Construction to pick up in 2010

Construction to pick up in 2010

15 September 2009 by Staff Reporter 0 comments

The pace of construction in Australia is set to pick up over the coming two years as a growing number of existing home owners join first home buyers in purchasing new dwellings.

According to the Housing Industry Association’s (HIA) national outlook report, the number of new home starts is set to increase by more than 20 per cent.

“The reasons for the recovery are well known -- low interest rates, first home incentives, and a massive boost for social housing. And with consumers feeling more confident about job security and the general economy, new home building and renovation activity will benefit,” HIA chief economist Harley Dale said.

“There are early signs of trade-up buyers returning to the market. But to date, investors have tended to do more selling than buying.”

According to Mr Dale, lending commitments to build new houses have increased by approximately 60 per cent since October 2008.

Similarly, local government permits to build new houses have also risen – climbing 20 per cent over the last year.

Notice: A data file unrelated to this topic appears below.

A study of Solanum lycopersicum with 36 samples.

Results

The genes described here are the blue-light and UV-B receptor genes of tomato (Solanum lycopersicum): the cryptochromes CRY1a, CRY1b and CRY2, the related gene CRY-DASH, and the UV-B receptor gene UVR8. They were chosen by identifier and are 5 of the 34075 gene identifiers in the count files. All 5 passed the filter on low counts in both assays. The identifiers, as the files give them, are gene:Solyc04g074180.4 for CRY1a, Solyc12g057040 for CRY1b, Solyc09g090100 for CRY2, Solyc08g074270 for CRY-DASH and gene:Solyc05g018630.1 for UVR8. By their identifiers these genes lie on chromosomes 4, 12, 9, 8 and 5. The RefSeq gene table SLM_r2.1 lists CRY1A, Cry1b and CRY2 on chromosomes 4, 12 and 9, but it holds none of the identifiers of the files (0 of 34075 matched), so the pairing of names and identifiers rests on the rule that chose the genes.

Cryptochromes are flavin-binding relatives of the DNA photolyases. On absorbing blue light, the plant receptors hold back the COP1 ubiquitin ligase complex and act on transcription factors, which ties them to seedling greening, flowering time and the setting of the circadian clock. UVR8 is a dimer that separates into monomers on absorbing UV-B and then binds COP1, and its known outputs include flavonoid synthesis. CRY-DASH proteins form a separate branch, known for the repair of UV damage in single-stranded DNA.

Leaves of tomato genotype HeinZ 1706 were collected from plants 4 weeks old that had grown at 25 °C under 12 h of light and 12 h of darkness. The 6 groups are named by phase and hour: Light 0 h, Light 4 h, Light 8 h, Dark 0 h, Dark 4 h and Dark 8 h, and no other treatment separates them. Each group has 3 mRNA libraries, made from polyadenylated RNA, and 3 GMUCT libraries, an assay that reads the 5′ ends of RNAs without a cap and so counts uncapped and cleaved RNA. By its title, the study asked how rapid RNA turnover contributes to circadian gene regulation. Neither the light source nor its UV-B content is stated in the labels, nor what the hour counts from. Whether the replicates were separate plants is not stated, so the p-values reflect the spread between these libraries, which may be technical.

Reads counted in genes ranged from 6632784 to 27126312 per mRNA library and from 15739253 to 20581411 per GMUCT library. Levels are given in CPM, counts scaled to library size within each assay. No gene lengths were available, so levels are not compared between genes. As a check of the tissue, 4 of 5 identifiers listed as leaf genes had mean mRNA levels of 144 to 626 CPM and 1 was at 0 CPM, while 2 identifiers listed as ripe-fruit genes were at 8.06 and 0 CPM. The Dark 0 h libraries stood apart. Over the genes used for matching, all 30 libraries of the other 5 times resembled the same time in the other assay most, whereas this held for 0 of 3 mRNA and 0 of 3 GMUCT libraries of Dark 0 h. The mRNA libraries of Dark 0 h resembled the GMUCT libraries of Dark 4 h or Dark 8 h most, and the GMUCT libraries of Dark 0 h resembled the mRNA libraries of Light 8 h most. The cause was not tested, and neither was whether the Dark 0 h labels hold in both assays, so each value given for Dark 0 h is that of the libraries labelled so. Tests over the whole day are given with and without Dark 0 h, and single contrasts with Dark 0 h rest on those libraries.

“On a regional basis, the biggest gains in home building are expected in New South Wales (from an extremely low base), followed by Victoria and Western Australia,” Mr Dale said.

The pace of construction in Australia is set to pick up over the coming two years as a growing number of existing home owners join first home buyers in purchasing new dwellings.

According to the Housing Industry Association’s (HIA) national outlook report, the number of new home starts is set to increase by more than 20 per cent.

“The reasons for the recovery are well known -- low interest rates, first home incentives, and a massive boost for social housing. And with consumers feeling more confident about job security and the general economy, new home building and renovation activity will benefit,” HIA chief economist Harley Dale said.

“There are early signs of trade-up buyers returning to the market. But to date, investors have tended to do more selling than buying.”

According to Mr Dale, lending commitments to build new houses have increased by approximately 60 per cent since October 2008.

Similarly, local government permits to build new houses have also risen – climbing 20 per cent over the last year.

“On a regional basis, the biggest gains in home building are expected in New South Wales (from an extremely low base), followed by Victoria and Western Australia,” Mr Dale said.